AAA Foundation study says teen girls top boys in distracted driving habits

AAA Foundation in-car camera study of teen drivers shows distractions differ between the sexes.

Suzanne Ashe
Suzanne Ashe has been covering technology, gadgets, video games, and cars for several years. In addition to writing features and reviews for magazines and Web sites, she has contributed to daily newspapers.
Suzanne Ashe
2 min read

Teen girl drivers are more likely to be distracted by electronic devices and their male counterparts, a new study reports.

According to the in-car video study released last week by the AAA Foundation for Traffic Safety, teen girls are twice as likely as teen boys to use cell phones and other electronic devices while driving.

"Cell phones, texting, personal grooming, and reaching for things in the car were among the most common distracting activities found when cameras were put in new teen drivers' cars," AAA Foundation President and CEO Peter Kissinger said in a press release. "This new study provides the best view we've had about how and when teens engage in distracted driving behaviors believed to contribute to making car crashes the leading cause of death for teenagers."

Data for the 50-page report, titled "Distracted Driving Among Newly Licensed Teen Drivers," came from an analysis of video clips from 50 North Carolina families with novice teen drivers.

The first study looked at how parents supervise their teens when they first begin learning to drive, and the second examined how teen behaviors and driving conditions shift during the transition to unsupervised driving.

For the current study, 7,858 clips from the first six months of unsupervised driving were reanalyzed to investigate distraction specifically, the report said. Then examiners identified the prevalence and consequences of various distracted driver behaviors and distracting conditions among teens during "high g-force maneuvers" -- i.e. swerving, hard braking, or rapid acceleration.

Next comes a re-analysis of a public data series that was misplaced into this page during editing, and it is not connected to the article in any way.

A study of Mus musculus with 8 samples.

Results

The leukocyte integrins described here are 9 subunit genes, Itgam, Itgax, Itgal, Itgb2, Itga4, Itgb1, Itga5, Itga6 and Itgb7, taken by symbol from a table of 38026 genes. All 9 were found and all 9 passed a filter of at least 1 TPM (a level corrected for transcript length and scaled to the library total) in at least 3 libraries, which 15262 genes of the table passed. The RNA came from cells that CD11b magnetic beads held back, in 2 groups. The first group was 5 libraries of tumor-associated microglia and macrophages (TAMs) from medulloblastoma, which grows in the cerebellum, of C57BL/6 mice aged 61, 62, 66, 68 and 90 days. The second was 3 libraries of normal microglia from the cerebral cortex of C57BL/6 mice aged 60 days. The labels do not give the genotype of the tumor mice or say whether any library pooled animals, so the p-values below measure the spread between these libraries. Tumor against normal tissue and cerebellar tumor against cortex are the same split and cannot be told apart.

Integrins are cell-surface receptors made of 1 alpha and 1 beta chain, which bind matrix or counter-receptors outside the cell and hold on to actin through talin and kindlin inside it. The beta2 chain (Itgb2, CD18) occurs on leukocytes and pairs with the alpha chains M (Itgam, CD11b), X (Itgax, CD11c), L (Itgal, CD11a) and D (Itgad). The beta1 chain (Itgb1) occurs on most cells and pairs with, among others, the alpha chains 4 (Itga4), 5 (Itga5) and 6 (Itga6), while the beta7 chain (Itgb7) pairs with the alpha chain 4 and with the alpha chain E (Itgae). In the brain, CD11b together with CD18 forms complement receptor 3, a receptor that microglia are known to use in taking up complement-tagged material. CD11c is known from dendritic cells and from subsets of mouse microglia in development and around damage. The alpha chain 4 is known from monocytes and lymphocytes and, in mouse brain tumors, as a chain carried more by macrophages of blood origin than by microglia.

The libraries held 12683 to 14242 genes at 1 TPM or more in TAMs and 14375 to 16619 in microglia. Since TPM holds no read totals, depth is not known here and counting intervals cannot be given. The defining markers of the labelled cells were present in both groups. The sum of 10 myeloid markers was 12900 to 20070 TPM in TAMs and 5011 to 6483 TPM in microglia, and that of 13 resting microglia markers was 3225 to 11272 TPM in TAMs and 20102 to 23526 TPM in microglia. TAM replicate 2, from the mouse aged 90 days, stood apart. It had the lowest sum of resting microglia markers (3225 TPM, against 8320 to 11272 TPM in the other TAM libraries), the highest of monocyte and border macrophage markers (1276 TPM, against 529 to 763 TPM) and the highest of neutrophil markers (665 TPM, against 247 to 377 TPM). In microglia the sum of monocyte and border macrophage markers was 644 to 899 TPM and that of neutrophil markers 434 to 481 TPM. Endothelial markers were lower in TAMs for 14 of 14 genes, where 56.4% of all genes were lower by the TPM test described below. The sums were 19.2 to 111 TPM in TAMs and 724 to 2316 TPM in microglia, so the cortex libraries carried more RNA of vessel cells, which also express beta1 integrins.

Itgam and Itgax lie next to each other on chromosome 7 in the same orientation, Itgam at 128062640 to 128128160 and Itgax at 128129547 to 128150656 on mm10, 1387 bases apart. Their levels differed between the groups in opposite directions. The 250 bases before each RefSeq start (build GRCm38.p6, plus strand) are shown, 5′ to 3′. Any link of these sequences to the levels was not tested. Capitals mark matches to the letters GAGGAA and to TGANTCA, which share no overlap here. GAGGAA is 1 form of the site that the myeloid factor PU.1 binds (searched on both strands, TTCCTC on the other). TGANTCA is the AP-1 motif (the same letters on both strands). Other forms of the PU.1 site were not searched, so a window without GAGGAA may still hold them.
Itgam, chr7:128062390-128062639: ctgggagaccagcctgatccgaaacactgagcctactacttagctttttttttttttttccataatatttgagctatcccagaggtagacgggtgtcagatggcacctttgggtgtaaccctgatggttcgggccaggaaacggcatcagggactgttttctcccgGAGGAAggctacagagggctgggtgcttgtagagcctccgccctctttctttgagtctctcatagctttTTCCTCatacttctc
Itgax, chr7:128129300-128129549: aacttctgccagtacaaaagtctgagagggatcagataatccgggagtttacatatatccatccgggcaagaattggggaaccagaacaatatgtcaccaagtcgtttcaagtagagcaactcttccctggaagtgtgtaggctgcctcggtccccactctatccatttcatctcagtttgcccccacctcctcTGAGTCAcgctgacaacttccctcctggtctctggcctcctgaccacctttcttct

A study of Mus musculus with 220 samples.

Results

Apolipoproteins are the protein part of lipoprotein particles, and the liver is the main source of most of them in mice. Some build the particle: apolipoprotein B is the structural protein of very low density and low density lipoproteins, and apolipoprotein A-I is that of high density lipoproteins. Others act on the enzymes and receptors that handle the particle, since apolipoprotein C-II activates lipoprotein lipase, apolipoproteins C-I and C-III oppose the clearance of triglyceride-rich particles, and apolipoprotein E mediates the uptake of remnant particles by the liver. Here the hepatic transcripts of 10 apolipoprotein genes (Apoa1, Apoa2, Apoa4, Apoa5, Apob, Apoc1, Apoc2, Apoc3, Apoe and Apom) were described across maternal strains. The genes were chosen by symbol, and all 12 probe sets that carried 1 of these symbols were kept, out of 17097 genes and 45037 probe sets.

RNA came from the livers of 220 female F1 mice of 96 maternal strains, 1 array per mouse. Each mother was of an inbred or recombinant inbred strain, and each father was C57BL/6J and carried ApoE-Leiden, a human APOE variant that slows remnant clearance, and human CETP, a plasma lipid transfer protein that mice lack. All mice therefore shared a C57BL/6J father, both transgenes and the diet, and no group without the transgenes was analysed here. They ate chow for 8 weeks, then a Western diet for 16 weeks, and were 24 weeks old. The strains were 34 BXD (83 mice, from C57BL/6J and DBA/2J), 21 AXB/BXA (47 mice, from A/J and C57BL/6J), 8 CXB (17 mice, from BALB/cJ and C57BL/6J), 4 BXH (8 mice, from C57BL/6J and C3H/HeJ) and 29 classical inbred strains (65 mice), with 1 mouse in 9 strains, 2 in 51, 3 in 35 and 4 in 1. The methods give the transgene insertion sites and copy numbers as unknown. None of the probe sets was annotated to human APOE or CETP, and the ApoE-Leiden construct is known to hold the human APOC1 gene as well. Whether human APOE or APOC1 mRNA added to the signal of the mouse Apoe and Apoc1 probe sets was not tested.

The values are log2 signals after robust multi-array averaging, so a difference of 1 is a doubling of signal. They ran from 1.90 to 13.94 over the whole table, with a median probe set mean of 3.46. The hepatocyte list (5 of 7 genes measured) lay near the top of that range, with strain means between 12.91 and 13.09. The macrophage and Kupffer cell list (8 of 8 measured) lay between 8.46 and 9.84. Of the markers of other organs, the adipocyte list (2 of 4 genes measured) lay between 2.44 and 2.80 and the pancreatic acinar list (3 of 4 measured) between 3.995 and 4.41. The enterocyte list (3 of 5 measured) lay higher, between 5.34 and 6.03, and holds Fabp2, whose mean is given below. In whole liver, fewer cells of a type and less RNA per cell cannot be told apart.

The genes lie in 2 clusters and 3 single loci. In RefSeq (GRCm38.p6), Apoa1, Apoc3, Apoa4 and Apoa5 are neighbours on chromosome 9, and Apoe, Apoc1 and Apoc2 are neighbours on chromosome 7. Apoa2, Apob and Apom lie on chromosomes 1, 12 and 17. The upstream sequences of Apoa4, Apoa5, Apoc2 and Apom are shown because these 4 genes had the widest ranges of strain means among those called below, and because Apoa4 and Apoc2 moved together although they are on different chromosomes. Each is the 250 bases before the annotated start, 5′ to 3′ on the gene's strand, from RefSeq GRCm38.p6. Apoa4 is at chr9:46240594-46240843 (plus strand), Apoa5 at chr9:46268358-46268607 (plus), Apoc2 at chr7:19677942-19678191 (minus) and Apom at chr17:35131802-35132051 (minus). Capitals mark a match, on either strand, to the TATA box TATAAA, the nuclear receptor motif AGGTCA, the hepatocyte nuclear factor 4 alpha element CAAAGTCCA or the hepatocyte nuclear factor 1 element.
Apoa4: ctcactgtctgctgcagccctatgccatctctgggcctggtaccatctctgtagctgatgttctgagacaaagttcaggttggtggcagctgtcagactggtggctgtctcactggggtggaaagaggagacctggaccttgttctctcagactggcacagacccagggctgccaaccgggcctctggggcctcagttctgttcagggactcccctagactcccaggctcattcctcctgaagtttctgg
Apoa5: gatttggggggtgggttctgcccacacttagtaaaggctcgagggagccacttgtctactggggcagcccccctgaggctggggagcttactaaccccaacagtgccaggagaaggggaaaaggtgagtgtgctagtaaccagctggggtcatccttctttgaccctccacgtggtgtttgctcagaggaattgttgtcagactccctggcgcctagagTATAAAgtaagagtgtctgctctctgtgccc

The study results show that girls were nearly twice as likely as males to use an electronic device while driving, and overall were nearly 10 percent more likely to be distracted while reaching for an object in the vehicle (nearly 50 percent more likely than boys) and eating or drinking (nearly 25 percent more likely). But male teen drivers were roughly twice as likely to turn around in their seats while driving, and were also more likely to communicate with people outside of the vehicle, the study reports.

Researchers at the UNC Highway Safety Research Center who conducted the study, conclude, other than electronic device usage, teens engaged in some form of potentially distracted behavior in 15 percent of clips, of which adjusting controls, personal grooming, and eating or drinking were the most common. Many of the distracting behaviors -- including use of electronic devices -- were more prevalent among the older teens in the study group, suggesting rapid changes in these behaviors as teens get more comfortable behind the wheel, the report said.

"The gender differences with regard to distraction observed in this study raise some points that we'll want to investigate in future projects," Kissinger said in a press release. "Every insight we gain into driver behavior has the potential to lead us to new risk management strategies."